British Sikh Opposition politicians have voiced their support for farmers agitating in India against the new farm laws and called for a "peaceful solution" as soon as possible.
India has called the remarks by foreign leaders on protests by farmers as "ill-informed" and "unwarranted" as the matter pertained to the internal affairs of a democratic country.
"We have seen some ill-informed comments…relating to farmers in India. Such comments are unwarranted, especially when pertaining to the internal affairs of a democratic country," external affairs ministry spokesperson Anurag Srivastava said on Tuesday.
In a terse message, the ministry further added that "it is also best that diplomatic conversations are not misrepresented for political purposes."
A number of Opposition MPs in Britain have been speaking out over the issue on social media, with Labour Virendra Sharma calling for a "peaceful solution” as soon as possible.
"Farmers work tirelessly to earn an honest living and to feed millions of people. I find it distressing that thousands of the farmers from Punjab feel the need to march in Delhi to ask for a fair standard of living," he said, adding that he "applauds the bravery" of Home Minister Amit Shah in stepping forward and offering to negotiate.
Lord Indrajit Singh raised the issue during a debate in the House of Lords entitled "Summit of Democratic Governments" on Monday, addressing a question to Cabinet Office Minister Lord Nicholas True on why India should be among the "10 leading democracies" being considered for a summit in early 2021.
"Can the minister tell us why India, currently in the news for trying to make Punjab farmers serfs on their own land, is suggested as one of the 10 leading democracies," questioned the 88-year-old crossbench peer.
British minister Lord True responded to the query by refusing to address a "broad denunciation" of any nation. “Our values are democratic; they are very widely shared and practised across the world. We wish to sustain that," the minister said.
Labour Party's Preet Kaur Gill, the shadow international development secretary, took to Twitter over the weekend to condemn "shocking scenes" from Delhi.
"Farmers are peacefully protesting over controversial bills that will impact their livelihoods. Water cannons, and tear gas, are being used to silence them," she said.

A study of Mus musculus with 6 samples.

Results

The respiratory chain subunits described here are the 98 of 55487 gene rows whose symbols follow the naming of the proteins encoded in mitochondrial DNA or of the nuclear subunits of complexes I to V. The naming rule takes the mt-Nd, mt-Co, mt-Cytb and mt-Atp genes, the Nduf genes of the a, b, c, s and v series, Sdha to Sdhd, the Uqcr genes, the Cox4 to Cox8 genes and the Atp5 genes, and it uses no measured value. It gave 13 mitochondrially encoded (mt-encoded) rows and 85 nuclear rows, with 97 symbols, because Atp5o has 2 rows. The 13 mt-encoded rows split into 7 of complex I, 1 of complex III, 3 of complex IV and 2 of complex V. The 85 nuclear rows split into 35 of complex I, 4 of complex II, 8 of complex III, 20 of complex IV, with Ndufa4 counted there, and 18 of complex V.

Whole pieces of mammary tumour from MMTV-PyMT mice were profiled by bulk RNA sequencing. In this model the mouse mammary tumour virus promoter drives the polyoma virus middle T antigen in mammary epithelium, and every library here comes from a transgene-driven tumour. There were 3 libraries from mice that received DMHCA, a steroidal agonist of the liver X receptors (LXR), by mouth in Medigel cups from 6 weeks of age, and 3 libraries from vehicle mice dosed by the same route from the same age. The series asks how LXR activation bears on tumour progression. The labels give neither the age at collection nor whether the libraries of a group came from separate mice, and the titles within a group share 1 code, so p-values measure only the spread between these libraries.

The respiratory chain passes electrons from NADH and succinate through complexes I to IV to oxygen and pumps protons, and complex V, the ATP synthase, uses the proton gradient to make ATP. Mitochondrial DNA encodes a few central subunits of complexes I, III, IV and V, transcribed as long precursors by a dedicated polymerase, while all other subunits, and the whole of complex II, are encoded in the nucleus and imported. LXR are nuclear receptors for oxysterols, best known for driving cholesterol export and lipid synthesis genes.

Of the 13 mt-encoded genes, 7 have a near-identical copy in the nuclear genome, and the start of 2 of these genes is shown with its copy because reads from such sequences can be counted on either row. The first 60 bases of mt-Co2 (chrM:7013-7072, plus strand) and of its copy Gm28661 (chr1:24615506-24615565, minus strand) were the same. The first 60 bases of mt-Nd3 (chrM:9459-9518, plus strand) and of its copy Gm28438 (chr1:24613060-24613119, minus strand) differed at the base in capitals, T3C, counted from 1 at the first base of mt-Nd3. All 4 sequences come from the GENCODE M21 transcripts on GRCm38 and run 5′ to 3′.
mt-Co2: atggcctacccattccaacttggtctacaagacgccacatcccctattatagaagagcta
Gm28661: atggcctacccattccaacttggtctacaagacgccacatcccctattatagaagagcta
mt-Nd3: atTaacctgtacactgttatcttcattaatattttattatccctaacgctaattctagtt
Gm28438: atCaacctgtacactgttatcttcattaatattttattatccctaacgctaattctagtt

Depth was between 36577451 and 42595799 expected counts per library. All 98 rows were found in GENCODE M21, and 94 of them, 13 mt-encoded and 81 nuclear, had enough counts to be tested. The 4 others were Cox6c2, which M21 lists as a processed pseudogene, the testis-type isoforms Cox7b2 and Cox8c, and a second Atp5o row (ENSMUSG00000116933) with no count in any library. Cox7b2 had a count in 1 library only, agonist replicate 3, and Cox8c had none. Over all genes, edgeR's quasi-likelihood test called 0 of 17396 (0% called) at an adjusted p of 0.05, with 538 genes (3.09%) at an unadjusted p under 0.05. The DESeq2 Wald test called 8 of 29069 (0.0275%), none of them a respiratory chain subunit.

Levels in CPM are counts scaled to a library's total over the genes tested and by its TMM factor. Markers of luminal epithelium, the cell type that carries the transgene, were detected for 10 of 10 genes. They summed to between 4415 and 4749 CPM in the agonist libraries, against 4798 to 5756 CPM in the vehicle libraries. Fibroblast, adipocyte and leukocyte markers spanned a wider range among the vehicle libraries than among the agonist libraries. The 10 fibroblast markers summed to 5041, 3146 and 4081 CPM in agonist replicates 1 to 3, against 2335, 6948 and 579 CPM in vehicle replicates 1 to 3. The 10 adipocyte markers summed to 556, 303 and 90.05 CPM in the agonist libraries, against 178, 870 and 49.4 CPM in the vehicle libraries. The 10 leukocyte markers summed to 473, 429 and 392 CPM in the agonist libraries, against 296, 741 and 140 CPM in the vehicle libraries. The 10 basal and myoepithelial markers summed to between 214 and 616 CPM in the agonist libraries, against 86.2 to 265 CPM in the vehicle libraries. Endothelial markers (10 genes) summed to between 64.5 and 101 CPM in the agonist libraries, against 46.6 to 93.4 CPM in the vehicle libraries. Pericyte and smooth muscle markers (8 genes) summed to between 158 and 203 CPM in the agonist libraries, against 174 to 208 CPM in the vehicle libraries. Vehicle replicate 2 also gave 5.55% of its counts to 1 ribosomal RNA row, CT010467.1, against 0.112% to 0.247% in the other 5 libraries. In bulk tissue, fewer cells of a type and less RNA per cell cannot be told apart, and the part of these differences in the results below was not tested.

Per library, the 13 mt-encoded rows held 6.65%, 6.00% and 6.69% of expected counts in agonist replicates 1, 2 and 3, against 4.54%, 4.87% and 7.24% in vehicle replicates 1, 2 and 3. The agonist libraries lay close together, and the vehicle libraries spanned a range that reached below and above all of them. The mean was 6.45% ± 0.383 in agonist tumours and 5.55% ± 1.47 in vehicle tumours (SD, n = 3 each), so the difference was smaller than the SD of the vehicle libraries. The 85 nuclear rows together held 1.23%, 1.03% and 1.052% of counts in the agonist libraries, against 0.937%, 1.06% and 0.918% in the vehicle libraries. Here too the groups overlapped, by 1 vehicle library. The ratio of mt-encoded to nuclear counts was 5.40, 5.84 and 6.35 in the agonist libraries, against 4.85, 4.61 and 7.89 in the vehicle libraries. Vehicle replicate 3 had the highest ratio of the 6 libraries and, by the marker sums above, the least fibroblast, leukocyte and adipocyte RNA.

Her party colleague, Tan Dhesi, has also been active on social media to praise scenes of protesters feeding the security personnel on guard during the demonstrations.
Among some of the other UK-based personalities speaking out over the issue, include filmmaker Gurinder Chadha and former England team cricket Monty Panesar -- both of Punjabi origin.
"India is proud of being the biggest democracy in the world, that's how it is described in the west. Let's hope that valiant title remains true today,” said Chadha, alongside images of the protests in India posted on her Twitter account.
The sportsman-broadcaster also posted a video message for farmers from different states of India to join Punjabi farmers in the fight for their rights.
Several charities and organisations such as Khalsa Aid and Punjab Kisan Support Fund have been rallying to raise funds in support of the protestors.
Thousands of farmers have laid siege to Delhi for the past few days as they protest against the new farm laws that they say are against their interests. The government says its agricultural reforms, which open the farming sector to private players, will not hurt farmers.
The critical talks between three Union ministers and farmer groups ended in a stalemate on Tuesday after they rejected the government's suggestion of a new committee to look into issues raised by agitating farmers.
The next round of talks with the government over the issue are scheduled for Thursday.